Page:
Monday, January 26, 2009

Sometimes I do that, but my aim is better...

I'm not quite sure what it says about me that I won't go to class before noon but I'll gladly get up at 8 to watch some Bette Davis movies. In my defense, class doesn't happen in my living room, although I can't guarantee I'd get up for it if it did. Today, however, I arose hours ahead of my alarm clock, took a quick shower, and set up shop on the couch just in time to catch the second of five movies airing on TCM today from early in Miss Davis' career. I've only seen Bette as a blonde once before, in Dangerous, so this marathon was a particular treat for me.

I started out with The Girl From 10th Avenue, which features Bette in one of her rare good-girl roles. As a rich businessman's wife of not-quite-convenience, Miriam is a sympathetic character who nonetheless gets to exhibit all the passion and temper of Bette's later performances but with the benefit of being the innocent (or at least well-intentioned) party. I'd never actually heard of this movie until I saw it on TCM's schedule for today, so I don't know if it's really underrated or I'm just really uninformed, but it was an enjoyable, relatively light film and a nice contrast to the more dramatic roles I'm used to seeing Bette play.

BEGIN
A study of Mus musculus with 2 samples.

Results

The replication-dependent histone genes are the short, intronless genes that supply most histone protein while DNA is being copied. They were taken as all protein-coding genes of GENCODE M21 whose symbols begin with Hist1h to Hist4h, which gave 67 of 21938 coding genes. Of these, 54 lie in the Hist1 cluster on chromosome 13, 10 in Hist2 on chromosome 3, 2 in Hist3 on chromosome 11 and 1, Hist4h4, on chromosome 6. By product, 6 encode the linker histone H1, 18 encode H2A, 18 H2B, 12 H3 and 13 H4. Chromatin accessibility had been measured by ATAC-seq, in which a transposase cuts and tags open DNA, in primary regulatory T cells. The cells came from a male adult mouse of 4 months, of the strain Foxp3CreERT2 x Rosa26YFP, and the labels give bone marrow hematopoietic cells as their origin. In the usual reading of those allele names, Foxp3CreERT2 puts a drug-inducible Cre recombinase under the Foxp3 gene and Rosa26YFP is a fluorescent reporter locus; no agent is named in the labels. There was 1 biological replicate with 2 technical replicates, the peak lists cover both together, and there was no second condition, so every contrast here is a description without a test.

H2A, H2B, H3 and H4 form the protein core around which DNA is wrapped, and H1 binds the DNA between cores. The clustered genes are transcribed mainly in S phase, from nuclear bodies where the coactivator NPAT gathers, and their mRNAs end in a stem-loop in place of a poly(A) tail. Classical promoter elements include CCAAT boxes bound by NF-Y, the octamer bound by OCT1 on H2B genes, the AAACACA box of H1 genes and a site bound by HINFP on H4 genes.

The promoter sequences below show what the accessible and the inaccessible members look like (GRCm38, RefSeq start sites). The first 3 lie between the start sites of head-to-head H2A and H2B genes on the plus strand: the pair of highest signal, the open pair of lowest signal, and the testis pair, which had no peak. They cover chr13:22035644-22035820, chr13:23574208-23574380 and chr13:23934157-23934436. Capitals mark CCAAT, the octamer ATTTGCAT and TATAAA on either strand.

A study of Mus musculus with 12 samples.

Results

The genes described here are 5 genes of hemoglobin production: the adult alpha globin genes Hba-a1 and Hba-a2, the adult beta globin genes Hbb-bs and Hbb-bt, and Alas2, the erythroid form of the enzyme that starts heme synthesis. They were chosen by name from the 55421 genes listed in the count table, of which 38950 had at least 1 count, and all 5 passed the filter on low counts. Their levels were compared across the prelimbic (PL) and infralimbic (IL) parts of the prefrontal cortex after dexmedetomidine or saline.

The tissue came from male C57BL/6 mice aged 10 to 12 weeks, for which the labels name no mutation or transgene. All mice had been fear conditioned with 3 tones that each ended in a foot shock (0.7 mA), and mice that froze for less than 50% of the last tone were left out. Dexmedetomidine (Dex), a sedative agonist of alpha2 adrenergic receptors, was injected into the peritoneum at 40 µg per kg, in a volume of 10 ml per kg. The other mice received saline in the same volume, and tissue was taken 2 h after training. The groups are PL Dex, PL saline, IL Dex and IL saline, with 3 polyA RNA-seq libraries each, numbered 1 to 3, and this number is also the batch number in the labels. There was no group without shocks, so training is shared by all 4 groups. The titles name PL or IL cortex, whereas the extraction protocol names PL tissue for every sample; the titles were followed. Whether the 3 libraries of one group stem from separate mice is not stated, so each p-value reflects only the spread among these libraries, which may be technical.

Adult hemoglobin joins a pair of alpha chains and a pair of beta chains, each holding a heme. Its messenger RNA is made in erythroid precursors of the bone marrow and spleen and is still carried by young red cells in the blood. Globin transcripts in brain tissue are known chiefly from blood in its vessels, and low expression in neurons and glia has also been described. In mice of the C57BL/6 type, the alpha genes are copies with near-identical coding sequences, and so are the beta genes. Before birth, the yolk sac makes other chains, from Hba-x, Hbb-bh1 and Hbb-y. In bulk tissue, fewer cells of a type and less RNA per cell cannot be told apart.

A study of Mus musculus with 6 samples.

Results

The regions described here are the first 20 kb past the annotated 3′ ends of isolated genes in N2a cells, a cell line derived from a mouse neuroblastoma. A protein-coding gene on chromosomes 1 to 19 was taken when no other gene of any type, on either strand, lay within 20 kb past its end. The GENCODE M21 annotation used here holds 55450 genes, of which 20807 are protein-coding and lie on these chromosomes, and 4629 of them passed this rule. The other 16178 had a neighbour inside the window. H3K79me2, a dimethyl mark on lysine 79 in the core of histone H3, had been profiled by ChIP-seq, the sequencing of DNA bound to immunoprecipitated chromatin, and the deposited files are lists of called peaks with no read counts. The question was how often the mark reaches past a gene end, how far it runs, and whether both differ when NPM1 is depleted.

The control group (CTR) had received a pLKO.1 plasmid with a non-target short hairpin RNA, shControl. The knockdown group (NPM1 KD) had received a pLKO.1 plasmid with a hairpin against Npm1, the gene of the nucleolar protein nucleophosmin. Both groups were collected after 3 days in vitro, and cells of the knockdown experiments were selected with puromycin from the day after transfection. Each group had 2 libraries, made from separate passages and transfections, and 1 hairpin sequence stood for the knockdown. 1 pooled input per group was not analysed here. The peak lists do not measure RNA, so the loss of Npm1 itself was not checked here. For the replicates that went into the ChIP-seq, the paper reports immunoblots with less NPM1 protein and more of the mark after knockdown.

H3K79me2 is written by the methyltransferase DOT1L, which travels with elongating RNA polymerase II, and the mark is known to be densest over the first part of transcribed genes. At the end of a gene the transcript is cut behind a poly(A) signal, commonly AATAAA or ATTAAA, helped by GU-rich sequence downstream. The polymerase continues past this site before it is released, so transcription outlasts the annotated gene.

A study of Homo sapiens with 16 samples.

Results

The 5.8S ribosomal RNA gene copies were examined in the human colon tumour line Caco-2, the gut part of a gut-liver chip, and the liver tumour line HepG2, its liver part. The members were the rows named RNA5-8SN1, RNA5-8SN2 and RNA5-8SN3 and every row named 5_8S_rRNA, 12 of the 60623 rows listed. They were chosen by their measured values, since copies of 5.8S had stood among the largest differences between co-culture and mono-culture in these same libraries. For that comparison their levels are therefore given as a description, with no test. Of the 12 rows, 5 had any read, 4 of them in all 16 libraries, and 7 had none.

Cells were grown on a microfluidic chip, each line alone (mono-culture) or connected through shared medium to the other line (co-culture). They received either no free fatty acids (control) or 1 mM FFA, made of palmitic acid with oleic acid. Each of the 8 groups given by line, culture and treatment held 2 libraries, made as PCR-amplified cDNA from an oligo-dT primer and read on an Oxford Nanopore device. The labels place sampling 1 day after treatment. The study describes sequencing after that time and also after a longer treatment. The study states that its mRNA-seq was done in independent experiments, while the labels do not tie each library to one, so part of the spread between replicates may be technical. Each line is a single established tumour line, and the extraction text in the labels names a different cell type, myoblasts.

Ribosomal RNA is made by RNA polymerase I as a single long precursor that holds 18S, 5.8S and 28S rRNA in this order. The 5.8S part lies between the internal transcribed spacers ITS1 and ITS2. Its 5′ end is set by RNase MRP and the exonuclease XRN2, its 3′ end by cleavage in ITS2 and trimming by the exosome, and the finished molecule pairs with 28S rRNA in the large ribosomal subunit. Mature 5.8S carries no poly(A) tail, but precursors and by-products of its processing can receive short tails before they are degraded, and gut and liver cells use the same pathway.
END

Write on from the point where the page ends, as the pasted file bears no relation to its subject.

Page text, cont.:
The Petrified Forest seems to be one of the best-known movies of her early career, at least among the sources I've encountered. I've wanted to see this one for a long time, and although I had high expectations it definitely did not disappoint. Bette plays a good girl here, too, and although she's also a bit of a snob I can relate to her anywhere-but-here mentality as a lot of my peers seem to feel the same way. The idea of a free-wheeling intellectual, an arteest not bound by earthly possessions, coming in and whisking her off to France is quite appealing, I have to admit. I also liked that said intellectual didn't actually know everything there is to know about everything, after all. The fact that Alan missed the most important point of all -- that he found something to live for, and someone whose life could be made better by his presence -- demonstrated such a basic human flaw in his character that I sympathized with him all the more. That might not be what the film was going for, but it's what I got out of it. Well, one of many things, and maybe eventually I'll see it again and give it its own post (which it definitely deserves), but for now this'll do.

The last movie I watched before I had to go to class was Satan Met A Lady. Here Bette plays the darker type of character that she tended to gravitate towards, and she does so with the kind of self-assuredness that makes a truly great villain. This comedic version of The Maltese Falcon may be a bit over the top, but I thoroughly enjoyed it -- and yes, I've seen the 1941 version already. My favorite part was the final scene, wherein Bette's Valerie Purvis outsmarts Detective Shane even as he's sending her up the river. Really, any scene with Bette Davis and Warren William facing off had my attention. Their mutual charm in increasingly absurd situations had me rooting for a quite different outcome. Check out this scene and I think you'll see what I mean.